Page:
Even if it’s not your first, the feasibility analysis portion of a build to suit development still may be more complex than you think. Let’s break it down beginning with the basics, and then dive into the details. 

Feasibility studies in real estate development are preliminary measures taken to determine viability during the early stages of a potential project. Its main purpose is to identify potential issues that could occur if a project is pursued. 

Another reason to conduct a thorough feasibility analysis is that it assists in obtaining the necessary documentation for municipality submittals such as site plans, grading/drainage plans, and the project management plan. It is important to note that the majority of commercial lenders will require Environmental Site Assessment (at least Phase I) and Geotechnical reports before approving a loan.     

Here are the main components that make up a build to suit real estate feasibility study — plus a more in-depth look at how to maximize its effectiveness.


Detailed Property Description

A detailed depiction of the property is obvious, but do you have all the bases covered? This includes the parcel number(s); number of parking stalls and positioning, including handicapped spots; concept plan; land survey; and aerial map. 

Then, you need to take it a step further and take into account the impact on the environment and surrounding businesses; municipal incentives; competitive market and neighborhood analysis; and zoning. One tip you don’t want to overlook is checking for any adjacent property owner issues and existing violations.

If you are self-developing the property, you should be aware of the parts of an extensive field investigation. This includes, but is not limited to, the geotechnical investigation report; laboratory testing; site geology; earthwork; and the summary of subsurface and groundwater conditions. 


Project Timeline

Another item to examine during the feasibility analysis is what the probable project timeline would look like. A greatly influencing variable would be the entitlement schedule, which would encompass the timeline of the municipalities, meetings and hearings, submittals, and obtaining permits to begin construction. 

Pulling a summary of the main issues could also reveal items that could threaten the timeline. Such examples would be related to traffic (i.e. needing to install a turn-in lane); parking variances; replatting; zoning issues; and utilities (i.e. access, grading, hydrology, erosion, and septic).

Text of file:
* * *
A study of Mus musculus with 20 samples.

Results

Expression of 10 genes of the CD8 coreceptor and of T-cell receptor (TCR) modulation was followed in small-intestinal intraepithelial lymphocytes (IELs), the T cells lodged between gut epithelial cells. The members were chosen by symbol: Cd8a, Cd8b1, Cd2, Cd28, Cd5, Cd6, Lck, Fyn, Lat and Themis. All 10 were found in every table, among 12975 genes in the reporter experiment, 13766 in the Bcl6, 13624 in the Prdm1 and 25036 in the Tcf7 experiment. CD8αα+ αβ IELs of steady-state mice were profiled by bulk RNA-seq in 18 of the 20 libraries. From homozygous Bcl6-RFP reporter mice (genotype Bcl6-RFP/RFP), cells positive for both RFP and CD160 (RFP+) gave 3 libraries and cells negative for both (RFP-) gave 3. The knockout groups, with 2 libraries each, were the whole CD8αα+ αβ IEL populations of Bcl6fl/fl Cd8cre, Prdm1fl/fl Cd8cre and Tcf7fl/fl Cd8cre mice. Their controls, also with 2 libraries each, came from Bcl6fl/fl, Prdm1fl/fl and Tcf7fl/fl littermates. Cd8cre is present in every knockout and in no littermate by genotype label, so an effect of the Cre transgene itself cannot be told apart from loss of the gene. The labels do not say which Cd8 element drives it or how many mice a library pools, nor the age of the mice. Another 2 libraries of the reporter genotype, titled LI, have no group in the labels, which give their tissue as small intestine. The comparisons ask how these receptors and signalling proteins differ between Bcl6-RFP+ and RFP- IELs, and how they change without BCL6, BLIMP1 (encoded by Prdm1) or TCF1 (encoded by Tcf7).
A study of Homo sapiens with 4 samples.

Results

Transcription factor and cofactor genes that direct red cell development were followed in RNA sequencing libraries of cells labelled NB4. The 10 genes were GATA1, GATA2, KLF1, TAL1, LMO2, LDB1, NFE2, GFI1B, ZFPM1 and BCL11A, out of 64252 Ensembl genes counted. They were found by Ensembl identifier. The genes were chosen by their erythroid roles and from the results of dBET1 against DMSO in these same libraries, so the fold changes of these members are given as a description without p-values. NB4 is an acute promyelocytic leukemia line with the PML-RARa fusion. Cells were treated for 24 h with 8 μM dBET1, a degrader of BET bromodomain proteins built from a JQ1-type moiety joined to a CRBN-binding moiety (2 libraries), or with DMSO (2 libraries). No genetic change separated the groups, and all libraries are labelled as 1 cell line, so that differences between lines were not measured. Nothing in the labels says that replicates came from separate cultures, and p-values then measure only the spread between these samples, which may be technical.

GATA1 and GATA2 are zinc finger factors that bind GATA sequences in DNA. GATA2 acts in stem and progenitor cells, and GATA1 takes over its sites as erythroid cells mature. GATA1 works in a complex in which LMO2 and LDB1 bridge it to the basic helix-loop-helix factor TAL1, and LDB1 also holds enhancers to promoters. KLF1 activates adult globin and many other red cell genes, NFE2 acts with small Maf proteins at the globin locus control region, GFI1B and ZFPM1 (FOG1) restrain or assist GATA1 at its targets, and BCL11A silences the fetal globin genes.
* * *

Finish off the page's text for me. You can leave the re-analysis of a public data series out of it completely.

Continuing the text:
The aforementioned Phase I, geotechnical report, and ALTA surveys are the most critical environmental studies needed for every commercial development. It is recommended that you allot a time frame of at least two months.


Economic Feasibility

Of course, no development feasibility study would be complete without economic confirmation. And in a development feasibility study, it is even more in-depth than a business plan’s cost-benefit analysis. If you partner with a professional developer, they are responsible for determining the prospective property’s economic feasibility, as well as assume the risk of the land purchase, and cover the construction costs — all while keeping your rent at your agreed upon rate.   

This is due to the fact that the developer uses educated assumptions when project costs are input. This could mean using previous projects to estimate construction costs, lender terms, consultant costs, and other fees. If you choose to not work with a developer, you will need to determine whether the proposed amount of capital and financing will be sufficient. 

An example of a potentially detrimental finding that can quickly become costly is a required site improvement. For instance, it could be related to sanitary sewer, water, electrical, telephone, high-speed internet, or water treatment. You will need to take this into account when calculating the economic feasibility. 

As stated, feasibility studies are vital in commercial development as they will determine the viability of your next property. No matter how large or small the project, remember these  components and tips for efficiency in your analysis. Or, consider hiring a preferred developer to get the job done according to your unique vision.